When 6th-graders move from the safe, familiar environment of the elementary school to a middle school, they become the bottom dogs in the new social hierarchy, a drop in status long suspected to be a culprit in the social and academic malaise of the middle-school years.
After analyzing extensive data from schools in New York City, the nation’s largest school district, a team of New York researchers concludes that the top dog/bottom-dog (TDBD) effect is real and that the data makes a strong case for the K-8 grade span rather than the more typical 6-8 middle school span.
“Despite the intuitive appeal, there [has been] little evidence to support the TDBD hypothesis, much less its effect on academic importance,” the researchers write in American Educational Research Journal. “In this article, we begin to close this gap, providing causal evidence on the effects of top or bottom dog status on student learning environments and opening the black box of grade span effects.”
“Using data on sixth, seventh, and eighth graders in NYC public schools, we find that top dogs are less likely to report problems with bullying or safety and are more likely to report feeling welcome and belonging in school compared to bottom dogs.”
April 4 Webinar: How to Use Math Error Analysis to Improve Instruction
The researchers say TDBD helps to explain the middle-school dip in achievement as well. Students who are top dogs in their school perform better academically, maybe because of a more positive perception of their learning environments, the study says. Eighth-graders in 6-8 schools had a better perception of the learning environment than 6th-graders.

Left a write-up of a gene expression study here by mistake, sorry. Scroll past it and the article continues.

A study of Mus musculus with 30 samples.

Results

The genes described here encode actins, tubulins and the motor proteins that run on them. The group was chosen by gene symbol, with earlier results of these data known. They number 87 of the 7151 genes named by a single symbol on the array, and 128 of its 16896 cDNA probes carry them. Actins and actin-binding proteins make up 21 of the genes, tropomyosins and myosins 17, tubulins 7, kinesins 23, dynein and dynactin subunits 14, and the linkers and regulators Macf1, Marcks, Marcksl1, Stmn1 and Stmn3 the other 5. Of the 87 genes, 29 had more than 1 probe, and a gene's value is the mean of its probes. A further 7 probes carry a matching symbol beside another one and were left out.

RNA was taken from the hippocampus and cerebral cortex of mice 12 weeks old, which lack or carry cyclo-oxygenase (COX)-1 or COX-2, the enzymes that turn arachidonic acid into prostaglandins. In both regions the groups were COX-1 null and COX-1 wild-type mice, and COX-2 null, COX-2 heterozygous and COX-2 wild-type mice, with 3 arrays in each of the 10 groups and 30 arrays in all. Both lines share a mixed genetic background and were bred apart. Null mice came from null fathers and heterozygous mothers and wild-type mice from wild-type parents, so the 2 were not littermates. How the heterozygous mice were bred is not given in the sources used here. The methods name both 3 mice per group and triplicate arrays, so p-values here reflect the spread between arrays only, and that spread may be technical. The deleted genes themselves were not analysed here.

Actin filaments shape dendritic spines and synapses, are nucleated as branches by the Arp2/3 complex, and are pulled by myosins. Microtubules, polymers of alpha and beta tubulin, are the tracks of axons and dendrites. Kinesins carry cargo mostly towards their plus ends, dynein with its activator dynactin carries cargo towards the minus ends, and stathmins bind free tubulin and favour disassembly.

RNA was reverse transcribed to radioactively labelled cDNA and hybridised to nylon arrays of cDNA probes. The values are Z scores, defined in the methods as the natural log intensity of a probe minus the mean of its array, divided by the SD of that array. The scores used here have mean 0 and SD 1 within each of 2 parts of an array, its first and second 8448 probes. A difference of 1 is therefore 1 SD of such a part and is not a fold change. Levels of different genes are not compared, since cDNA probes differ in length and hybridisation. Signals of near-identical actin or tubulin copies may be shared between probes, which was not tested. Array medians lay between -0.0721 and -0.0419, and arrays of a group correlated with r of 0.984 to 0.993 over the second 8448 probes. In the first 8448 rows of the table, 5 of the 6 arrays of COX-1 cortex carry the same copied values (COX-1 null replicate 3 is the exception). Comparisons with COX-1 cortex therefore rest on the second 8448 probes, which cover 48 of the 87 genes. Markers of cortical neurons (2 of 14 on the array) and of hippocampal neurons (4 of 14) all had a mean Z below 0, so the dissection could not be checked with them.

For the study, researchers analyzed data on 90,000 6th-8th graders in 500 NYC schools that had a mix of grade spans. The NYC School Survey collects data on student experiences and the school environment, providing a rich source of longitudinal data on bullying, safety and belonging and allowed the researchers to control for many student characteristics including student height and whether the student is a new student in the school.
Sixth-graders benefit the most from top-dog effect, according to the study. One explanation is that they may simply be less equipped to be bottom dogs than 8th graders. Another is that 6th graders tend to be at it is not only one’s rank that matters but also the size of the heap. In a the common K-6 school configuration, for example, 6th-graders are at the top of a taller heap than 8th-graders in a 6-8 school.
Heap size, however, doesn’t seem to matter for bottom dogs (i.e. 6th-graders in schools with long grade spans don’t report bullying more than 6th-graders in schools with a 6-8 grade span).
“While wholesale school reorganization nationwide would be costly, there may be more opportunity to make such changes in urban areas, especially if such school districts are growing or declining and K-8 schools provide more efficient building use,” the researchers write.
Where reconfiguration is not practical, educators can focus on making learning environments more welcoming to “bottom dogs.”
“While new students and shorter students have more negative perceptions of the school learning environment, there is an independent top dog effect even once conditioning on these plausible moderators,” the authors write.
“Do Top Dogs Rule in Middle School? Evidence on Bullying, Safety, and Belonging,” by Amy Ellen Schwartz et al., American Educational Research Journal, October 2016, Volume 53, Number 5, pp. 1450-1484.